When Bryan Bobinchuck walked to the podium at Hilton Head Island Town Council earlier this month, the room fell silent.
There was no loud shifting or side conversations in the audience — all eyes were on Bobinchuck as he delivered a call to the town’s government: Make our crosswalks safer.
He did not speak his daughter’s name in his speech, but council members knew why he and Daisy were there. Charli was known to many as a “true island girl” and “a big sister to all the kids in Yacht Cove.”
He is aware that street lighting is a controversial topic on Hilton Head, where many residents fear adding any sort of lights could threaten wildlife and the natural feel of the island.
Town Council member David Ames said it is always “hard to sell people” on street lights because Hilton Head was designed to preserve the environment.
Bobinchuck told council members he values animal safety on the island. His daughter Charli was an animal advocate and frequently volunteered at Critter Management. However, he believes in lighting crosswalks to save human lives.
“Preserving the natural look of our island and protecting our sea turtles and wildlife is extremely important,” he said. “Protecting our neighbors, friends, family and our economy is equally important.”
Dangerous conditions for street crossings
The intersection where Charli was killed was also the site of another fatal collision. Kevin Reagan, 58, was struck and killed while crossing there in 2014.
According to an Island Packet analysis of collision reports from 2006 to 2016, 25 percent of all fatalities on Beaufort County roads involved bicyclists or pedestrians.
Statewide, 15 percent of fatalities were bicyclists or pedestrians.
“I have been here 25 years, and I have personally lost four people close to me due to vehicle-pedestrian accidents in Hilton Head,” Bobinchuck said to Town Council.
A town that protects itself from artificial light
Bobinchuck said the town’s approach to lighting makes the problem a difficult one to solve.
“One of our shortcomings is our crosswalks,” he said. “The simple fact that there is a town ordinance that disallows the lighting of crosswalks is outdated.”
The town ordinance was passed in May 1990 and prohibits artificial light near island beaches and puts restrictions on pole and flood lighting.
According to the town’s code, the ordinance is designed to protect sea turtles along those beaches by “safeguarding the hatchlings from sources of artificial light which cause disorientation and subsequent death.”
A new kind of crosswalk
Bobinchuck said he has developed a plan to prioritize safety on the island, and encouraged council to consider it.
The crosswalk signs he suggests using “utilize solar-powered independent lights” and “flashing signs for drivers.”
In a handout to council, he explained that the lights can be “tethered and timed,” meaning that pedestrians could activate the flashing lights from the side of the road so the lights are not constantly on.
“I believe that now is the time for us to update our policy and do what is right,” Bobinchuck said, rather than implementing a “half-hearted patch.”
Town Council responded positively to Bobinchuck’s presentation.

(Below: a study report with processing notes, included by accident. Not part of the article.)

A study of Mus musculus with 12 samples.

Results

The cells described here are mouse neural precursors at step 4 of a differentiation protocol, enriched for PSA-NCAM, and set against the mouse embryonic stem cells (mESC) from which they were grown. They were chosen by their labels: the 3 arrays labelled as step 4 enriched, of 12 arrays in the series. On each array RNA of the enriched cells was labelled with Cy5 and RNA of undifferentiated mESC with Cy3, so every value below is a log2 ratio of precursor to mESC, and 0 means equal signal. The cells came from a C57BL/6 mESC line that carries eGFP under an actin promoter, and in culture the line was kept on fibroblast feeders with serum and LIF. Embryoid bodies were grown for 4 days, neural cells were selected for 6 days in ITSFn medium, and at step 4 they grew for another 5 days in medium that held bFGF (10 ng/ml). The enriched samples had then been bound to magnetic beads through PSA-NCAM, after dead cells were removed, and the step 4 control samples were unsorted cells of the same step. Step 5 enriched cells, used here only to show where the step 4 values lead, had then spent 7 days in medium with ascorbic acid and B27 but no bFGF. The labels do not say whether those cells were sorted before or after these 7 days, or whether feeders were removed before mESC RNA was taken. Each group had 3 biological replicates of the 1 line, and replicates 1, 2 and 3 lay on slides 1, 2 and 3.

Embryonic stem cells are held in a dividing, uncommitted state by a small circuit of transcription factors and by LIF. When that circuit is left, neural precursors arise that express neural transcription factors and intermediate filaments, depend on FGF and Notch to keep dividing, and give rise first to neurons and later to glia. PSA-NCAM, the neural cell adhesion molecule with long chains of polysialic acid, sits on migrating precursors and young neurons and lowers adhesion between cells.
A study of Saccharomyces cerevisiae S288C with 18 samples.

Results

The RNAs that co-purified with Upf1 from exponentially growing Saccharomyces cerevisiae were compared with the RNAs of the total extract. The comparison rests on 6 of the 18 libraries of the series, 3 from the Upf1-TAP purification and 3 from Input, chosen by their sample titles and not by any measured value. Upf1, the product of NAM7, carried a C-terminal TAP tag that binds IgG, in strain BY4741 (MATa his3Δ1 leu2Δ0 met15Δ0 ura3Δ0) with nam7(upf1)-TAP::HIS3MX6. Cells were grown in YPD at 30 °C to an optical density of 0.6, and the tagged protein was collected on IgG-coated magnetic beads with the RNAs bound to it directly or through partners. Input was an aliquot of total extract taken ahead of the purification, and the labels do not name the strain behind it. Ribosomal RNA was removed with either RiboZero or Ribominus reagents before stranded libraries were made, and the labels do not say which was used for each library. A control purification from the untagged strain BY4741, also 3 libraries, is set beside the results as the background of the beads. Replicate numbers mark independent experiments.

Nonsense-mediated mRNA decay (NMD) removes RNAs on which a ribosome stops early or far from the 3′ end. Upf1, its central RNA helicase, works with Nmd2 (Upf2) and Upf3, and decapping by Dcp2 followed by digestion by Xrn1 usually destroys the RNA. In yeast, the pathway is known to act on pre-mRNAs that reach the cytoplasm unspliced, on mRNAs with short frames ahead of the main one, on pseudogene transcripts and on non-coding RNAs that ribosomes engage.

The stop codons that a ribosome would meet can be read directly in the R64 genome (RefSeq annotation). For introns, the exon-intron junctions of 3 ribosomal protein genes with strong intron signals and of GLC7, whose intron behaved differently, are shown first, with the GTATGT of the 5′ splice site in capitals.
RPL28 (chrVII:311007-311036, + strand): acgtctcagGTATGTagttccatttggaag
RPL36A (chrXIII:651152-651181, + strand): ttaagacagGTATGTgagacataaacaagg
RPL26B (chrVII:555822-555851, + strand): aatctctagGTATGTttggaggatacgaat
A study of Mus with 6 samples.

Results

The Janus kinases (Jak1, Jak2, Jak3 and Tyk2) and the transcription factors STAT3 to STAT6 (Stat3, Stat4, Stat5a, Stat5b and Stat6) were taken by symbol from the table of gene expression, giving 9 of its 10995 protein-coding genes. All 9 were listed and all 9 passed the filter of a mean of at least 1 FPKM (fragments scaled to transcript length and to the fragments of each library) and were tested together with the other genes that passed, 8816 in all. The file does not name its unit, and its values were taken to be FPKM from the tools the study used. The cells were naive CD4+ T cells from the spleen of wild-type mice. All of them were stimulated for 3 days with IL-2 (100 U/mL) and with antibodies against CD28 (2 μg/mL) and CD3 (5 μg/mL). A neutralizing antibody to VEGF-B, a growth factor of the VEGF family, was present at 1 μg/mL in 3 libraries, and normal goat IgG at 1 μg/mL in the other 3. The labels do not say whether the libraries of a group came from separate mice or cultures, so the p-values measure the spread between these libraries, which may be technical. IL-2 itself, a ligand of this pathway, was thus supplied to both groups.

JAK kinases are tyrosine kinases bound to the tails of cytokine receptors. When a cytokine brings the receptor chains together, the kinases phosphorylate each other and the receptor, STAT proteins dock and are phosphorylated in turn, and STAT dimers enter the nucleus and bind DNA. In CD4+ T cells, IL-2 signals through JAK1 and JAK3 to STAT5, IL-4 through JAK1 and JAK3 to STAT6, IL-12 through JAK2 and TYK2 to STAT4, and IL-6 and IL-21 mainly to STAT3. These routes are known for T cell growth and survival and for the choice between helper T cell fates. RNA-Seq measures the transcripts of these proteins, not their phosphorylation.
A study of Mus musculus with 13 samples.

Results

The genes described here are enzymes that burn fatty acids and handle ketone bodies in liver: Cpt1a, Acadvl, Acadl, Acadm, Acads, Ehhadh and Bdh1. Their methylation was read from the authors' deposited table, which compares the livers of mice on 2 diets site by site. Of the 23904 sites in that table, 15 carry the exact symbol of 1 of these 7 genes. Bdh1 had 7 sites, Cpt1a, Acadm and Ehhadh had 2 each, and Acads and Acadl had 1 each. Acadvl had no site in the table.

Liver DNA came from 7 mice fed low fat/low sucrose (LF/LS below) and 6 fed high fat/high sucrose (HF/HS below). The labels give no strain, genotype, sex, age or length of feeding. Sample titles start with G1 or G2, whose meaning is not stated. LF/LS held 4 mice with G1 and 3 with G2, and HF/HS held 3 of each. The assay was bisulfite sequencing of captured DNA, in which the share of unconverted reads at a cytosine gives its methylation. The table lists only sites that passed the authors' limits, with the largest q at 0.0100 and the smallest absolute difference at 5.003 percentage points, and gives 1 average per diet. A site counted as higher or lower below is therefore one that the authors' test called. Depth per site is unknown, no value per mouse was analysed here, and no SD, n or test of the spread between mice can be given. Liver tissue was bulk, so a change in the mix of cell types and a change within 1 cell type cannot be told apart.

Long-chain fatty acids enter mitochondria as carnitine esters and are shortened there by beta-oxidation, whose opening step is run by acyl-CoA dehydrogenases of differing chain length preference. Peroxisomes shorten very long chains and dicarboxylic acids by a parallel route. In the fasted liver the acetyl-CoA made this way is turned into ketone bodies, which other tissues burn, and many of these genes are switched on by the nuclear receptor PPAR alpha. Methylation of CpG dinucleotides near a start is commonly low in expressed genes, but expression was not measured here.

Ames thanked him “for taking the time as a citizen to come up with a solution.”
“I think we should open the door to citizens to be able to do that,” he said.
Mayor David Bennett said the issue of crosswalk improvements had been on the council’s agenda, but he removed it until after an Oct. 17 open house to gather input from Yacht Cove residents.
“I don’t know that we have a higher level of responsibility than preserving the safety of our public,” Bennett said. “This needs to be dealt with and we need to get it right — not just good enough — like Mr. Bobinchuck stated.”
Healing through service
After Charli died, her family started a wildlife charity in her honor. Friends hosted “Charli’s Musicfest” this summer to raise money for that charity.
Daisy said she and Bryan have taken on different projects to keep them busy and help bring change to the community. Bryan has researched crosswalk solutions and Daisy manages “Charli’s Critters” — an animal education experience she brings to schools on Hilton Head.
“Every day... every day since the accident has been different,” she said of healing through spreading Charli’s love for critters such as alligators and butterflies.
After the accident, Daisy took to Facebook to share her compassion for the driver of the car that struck and killed Charli.
“I don’t know you, but I love you and hurt for you and I need you to be ok,” she wrote in the June 25 post. “My arms are open and my heart has nothing but love. This is just a horrific tragedy for us all but here we are.... in this together.”
When asked what it was like to make a public appearance at Town Council, she said she has been “in the spotlight so much” with Charli’s Critters that it seemed like the right thing to do.
But the Bobinchucks don’t want their work just to memorialize Charli.
Her parents want to prevent what happened to their family from ever happening again.
The town has proposed improvements to the Yacht Cove intersection, which will be passed on for Town Council to decide.
Those improvements include reflective sign posts and pavement markings to alert drivers to the crosswalk. It does not include flashing lights.
After attending the open house with Yacht Cove residents last week, Ames said the town can make adjustments to the plan. He said he expects the improvements for the intersections to be discussed at the next council meeting Nov. 7.
The Lowcountry Celebration Park, which the town is constructing off Pope Avenue on the island’s south end, also includes a new crosswalk on South Forest Beach Road.
According to preliminary plans for the crosswalk, it will include the island’s first flashing sign that pedestrians can activate to cross the street. It was planned before Charli’s death.